Jackson, A day trip into the city and back: a non-random take

Informal trash dumping is a long-standing problem in Panama. It has proliferated mightily of late. Businesses reopened but unable to pay their refuse collection bills? People who had been homebound doing houscleaning by littering public spaces? Private garbage collection companies cutting corners on fees at city dumps? A larger part of the economy gone informal and unable or unwilling to pay the price of waste management? In any case, especially along the roads in the Interior but also in parts of the capital, you will notice this sort of thing if you look. Even more noticeable, in several places on bus rides from rural Anton to Panama City and back, were police and other government authorities at these illegal dump sites taking photos and notes. AAUD photo.

Impressions from a day trip

by Eric Jackson

It’s the peasant part of my existence, not back to full function but prompted to get there by harvest season. With more star apples than I can use and the first of the year’s lemon crop turning yellow, I filled my fish basket part way with star apples, a few lemons and a bag of chaya leaves. My communications are spotty and I didn’t know if anyone would be home, but in that case I did know that they are in town so I’d just leave my farm delivery in front of their door. They were home, so I checked in on a friend who had been ailing. Not unaffected, but we’re both surviving these dystopic times.

HOW dystopic? From my friends’ Paitilla window I could see ships in the bay, waiting to transit. No cruisers. This line would be northbound and had no tankers — even if in these days taking gas from the Americas to Asia, going southbound through the canal — is a growing business. It was a line of box ships. The USA may be hurting, as are Brazil, northern South America and other key destinations, but they are still importing manufactured goods from Asia.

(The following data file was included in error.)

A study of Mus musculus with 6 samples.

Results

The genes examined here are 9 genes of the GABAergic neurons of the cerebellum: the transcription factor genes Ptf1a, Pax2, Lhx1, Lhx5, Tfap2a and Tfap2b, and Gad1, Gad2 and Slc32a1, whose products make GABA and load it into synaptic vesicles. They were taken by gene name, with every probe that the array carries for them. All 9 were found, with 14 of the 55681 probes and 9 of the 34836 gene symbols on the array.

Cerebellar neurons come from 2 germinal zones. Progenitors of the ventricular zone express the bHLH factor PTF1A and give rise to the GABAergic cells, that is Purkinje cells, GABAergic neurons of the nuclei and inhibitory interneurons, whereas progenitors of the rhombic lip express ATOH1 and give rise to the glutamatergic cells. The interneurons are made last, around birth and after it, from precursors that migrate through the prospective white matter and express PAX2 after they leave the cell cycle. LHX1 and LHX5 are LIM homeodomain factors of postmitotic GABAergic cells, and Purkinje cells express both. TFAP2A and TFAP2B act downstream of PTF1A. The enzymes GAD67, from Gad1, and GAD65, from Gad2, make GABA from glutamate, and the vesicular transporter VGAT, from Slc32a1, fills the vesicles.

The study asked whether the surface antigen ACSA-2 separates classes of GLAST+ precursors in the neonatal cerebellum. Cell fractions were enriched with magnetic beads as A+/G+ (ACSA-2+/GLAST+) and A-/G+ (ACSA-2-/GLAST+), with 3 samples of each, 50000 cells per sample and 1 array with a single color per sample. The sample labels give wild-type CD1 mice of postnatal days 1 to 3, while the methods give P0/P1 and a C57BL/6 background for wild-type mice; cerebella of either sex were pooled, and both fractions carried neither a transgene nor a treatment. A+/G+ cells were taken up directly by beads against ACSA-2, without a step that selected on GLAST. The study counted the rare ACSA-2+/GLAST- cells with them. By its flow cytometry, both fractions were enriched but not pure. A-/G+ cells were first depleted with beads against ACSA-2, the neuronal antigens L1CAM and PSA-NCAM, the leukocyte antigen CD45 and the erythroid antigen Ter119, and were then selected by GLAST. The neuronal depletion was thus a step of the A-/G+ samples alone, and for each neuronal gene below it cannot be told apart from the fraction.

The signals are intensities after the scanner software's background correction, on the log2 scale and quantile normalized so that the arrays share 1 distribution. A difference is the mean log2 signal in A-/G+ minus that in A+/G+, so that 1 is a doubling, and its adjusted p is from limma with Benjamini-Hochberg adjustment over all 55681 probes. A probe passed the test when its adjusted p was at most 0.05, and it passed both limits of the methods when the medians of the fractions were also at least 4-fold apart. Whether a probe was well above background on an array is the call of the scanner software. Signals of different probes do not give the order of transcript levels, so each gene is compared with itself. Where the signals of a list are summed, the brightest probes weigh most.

Getting to the city and back, however, caught my bureaucratic eyes in a couple of other major ways.

As mentioned in the photo and caption above, there was all of the dumping. Not only along the Pan-American Highway, but on the “back entrance” to El Valle by way of La Estancia, San Juan de Dios and Juan Diaz. Not just the uncultured throwing bottles and cans by the side of the road, but multi-bag dumping on this side road between the country’s main drag and where I live in Juan Diaz. And someone in a government pickup there looking at it.

Looking up a bit, away from the road, all along the Pan-American Highway one can see the signs of business devastation. Closed businesses. Unrented billboards. These are easy to miss because for one thing, there were a lot of those before the virus hit us. The rich and famous may be getting richer and infamous. Government figures may say that there is little or no problem, until working people want a raise. However, the Panamanian economy has been weak for a long time and it has been visible at an informed glance.

What’s noticeably different to my eyes at this point, other than the numbers of places that have gone out of business, the empty billboards, the more frequent “for sale” and “for rent” signs? It’s the number of places, both in the city and along the highway, with visible marks of having their doors or windows smashed in. The crime wave is loud and in everybody’s face — smashed in at the back is one thing but it’s something else when someone takes a sledge hammer or such to a business out front, where people driving by can see it and perhaps report that to the police.

Stalled construction projects? Those were plentiful before the bug, and now there are more of them. Money laundering towers under construction bearing the marks of people breaking in and stripping them? These I saw in prominent parts of the city.

On the way back there were people to be dropped off at Decameron in Farallon, and at the Riu in Playa Blanca. They both looked pretty deserted. Maybe it means some economical tourism deals while the condition lasts.

Hard times, my friends.

Move? Buy guns? If those are your instincts, do the former. But do join a neighborhood watch — vecinos vigilantes — group if one forms in your area. Do keep an eye out for malente activity around you. Do feed the hungry to the extent that you can, so that they don’t get desperate in these difficult days. We will get through this, even if the economic and social problems are going to outlast the epidemic. But it’s not going to be easy.